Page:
NOW IN THEATERS! Filmmaker Robert Connolly goes from The Dry to the wet with his environmental call-to-arms Blueback. Dealing primarily with the conservation of the oceans – an important and relevant subject, no doubt – the film’s approach verges on simplistic and didactic. However, its stunning cinematography and the committed performances from its cast save the entire enterprise from becoming a lesson in preserving ecology.
Marine biologist Abby (Mia Wasikowska) is on a ship, researching the death of reefs. She delivers bad news to her aquarium fish before receiving even worse news herself: her mother, Dora (Elizabeth Alexander), had a stroke. Abby ventures back to her childhood home by the Ningaloo Reef in Western Australia. “They say she might not speak again,” family friend Briggs (Clarence Ryan) informs Abby on the way. He means it. The mother stays silent. “You are so damn stubborn,” Abby snaps at her. She fixes the family boat and reminisces about her past.
Blueback continuously intercuts between the present and the past. Ariel Donoghue plays eight-year-old Abby. Young Dora (Radha Mitchell), an activist for ocean preservation, takes a reluctant Abby diving. She drops a ring into the water and makes her daughter fetch it. She teaches Abby about groupers. “I’ll call them blueback,” Abby decides. The child draws them, even befriends one, My Octopus Teacher–style.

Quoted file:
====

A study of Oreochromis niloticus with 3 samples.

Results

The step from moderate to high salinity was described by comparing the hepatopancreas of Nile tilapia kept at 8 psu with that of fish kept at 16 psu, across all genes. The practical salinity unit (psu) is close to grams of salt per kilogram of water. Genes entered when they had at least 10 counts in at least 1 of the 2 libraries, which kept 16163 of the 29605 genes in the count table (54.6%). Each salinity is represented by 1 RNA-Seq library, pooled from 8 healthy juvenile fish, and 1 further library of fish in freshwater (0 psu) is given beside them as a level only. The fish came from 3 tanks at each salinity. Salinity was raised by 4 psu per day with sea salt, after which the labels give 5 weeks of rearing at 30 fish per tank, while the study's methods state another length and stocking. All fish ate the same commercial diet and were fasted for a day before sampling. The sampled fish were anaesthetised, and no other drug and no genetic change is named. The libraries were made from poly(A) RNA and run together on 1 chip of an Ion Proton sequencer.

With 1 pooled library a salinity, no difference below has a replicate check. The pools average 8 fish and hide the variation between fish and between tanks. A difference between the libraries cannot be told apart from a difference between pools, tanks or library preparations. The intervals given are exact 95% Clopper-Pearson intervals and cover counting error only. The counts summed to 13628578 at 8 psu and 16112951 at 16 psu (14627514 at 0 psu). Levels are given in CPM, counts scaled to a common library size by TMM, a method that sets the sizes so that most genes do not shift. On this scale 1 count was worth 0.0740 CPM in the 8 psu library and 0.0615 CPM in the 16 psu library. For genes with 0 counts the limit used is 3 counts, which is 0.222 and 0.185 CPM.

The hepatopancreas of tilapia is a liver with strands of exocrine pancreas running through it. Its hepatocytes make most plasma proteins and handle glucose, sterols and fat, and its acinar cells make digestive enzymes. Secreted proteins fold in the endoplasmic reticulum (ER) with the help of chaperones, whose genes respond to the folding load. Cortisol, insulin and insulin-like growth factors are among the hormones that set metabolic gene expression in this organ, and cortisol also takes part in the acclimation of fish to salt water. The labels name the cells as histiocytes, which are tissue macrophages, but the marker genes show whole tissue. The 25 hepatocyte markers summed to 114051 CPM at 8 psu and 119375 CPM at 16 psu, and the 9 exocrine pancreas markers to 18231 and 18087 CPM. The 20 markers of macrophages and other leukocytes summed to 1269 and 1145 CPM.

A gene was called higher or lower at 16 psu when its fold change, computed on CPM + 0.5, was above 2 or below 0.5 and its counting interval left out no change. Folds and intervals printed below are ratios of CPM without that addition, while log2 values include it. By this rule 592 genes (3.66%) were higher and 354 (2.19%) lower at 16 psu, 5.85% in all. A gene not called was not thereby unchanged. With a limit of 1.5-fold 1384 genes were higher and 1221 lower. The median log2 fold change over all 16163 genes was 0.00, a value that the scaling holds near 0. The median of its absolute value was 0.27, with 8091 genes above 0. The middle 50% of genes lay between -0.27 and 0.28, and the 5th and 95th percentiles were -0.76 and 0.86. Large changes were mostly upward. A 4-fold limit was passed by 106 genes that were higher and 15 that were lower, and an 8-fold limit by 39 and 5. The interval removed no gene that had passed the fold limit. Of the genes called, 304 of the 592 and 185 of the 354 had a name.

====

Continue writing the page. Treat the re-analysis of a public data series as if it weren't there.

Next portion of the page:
“…Dora chains herself to construction trucks and aggressively challenges Abby to be more proactive.”
Donoghue grows into Ilsa Fog. Abby’s grouper friend still awaits her frequent visits. The young woman partakes in her mom’s protests against a construction company: Dora chains herself to trucks and aggressively challenges Abby to be more proactive. Before long, Abby comes face-to-face with the horrors of illegal fishing: speared endangered fish and heartless poachers. Lest we forget, there’s also Erica Bana’s Macka, a vivacious local diver who is sort of like a father figure to Abby.
The numerous plot threads feel underdeveloped, rarely escaping convention. There are frequent moments that drag. Connolly piles on his messages thickly. “I want to save the world’s oceans, mom,” Abby tells Dora forcefully at one point. In another moment that strains credulity, Abby actually pushes her grouper friend away from the poachers. The constant switching between the past and the present becomes frustrating, making one wish the filmmaker would delve deeper into what is essentially the heart of the film – the relationship between Abby and the titular grouper.
Thank heaven for Mitchell, who plays a perfect balance of motherly love and a deep passion for her life’s work, perhaps spurred by the loss of her husband. Dora is stubborn and resilient but also unaware of the long-term damage she’s inflicting on her daughter (again, another aspect that could have been explored in more depth). Bana – the lead in Connolly’s aforementioned thriller The Dry – matches her vibrancy, managing to cast a lasting impression in what amounts to barely more than a cameo. The actor once again reminds us of his range. On the other hand, Wasikowska seems a bit lost, blankly gazing into the distance, disconnected from the rest of the narrative.
Andrew Commis and Rick Rifici’s jaw-dropping camerawork is worth the ticket price by itself: Abby’s fingers brushing against the grouper, whales scaling the surface of a deep-blue ocean, the skeleton of a blue whale resting among rocks. These visuals make the abundant preaching throughout Blueback palatable but make you long for a tighter focus and a subtler approach.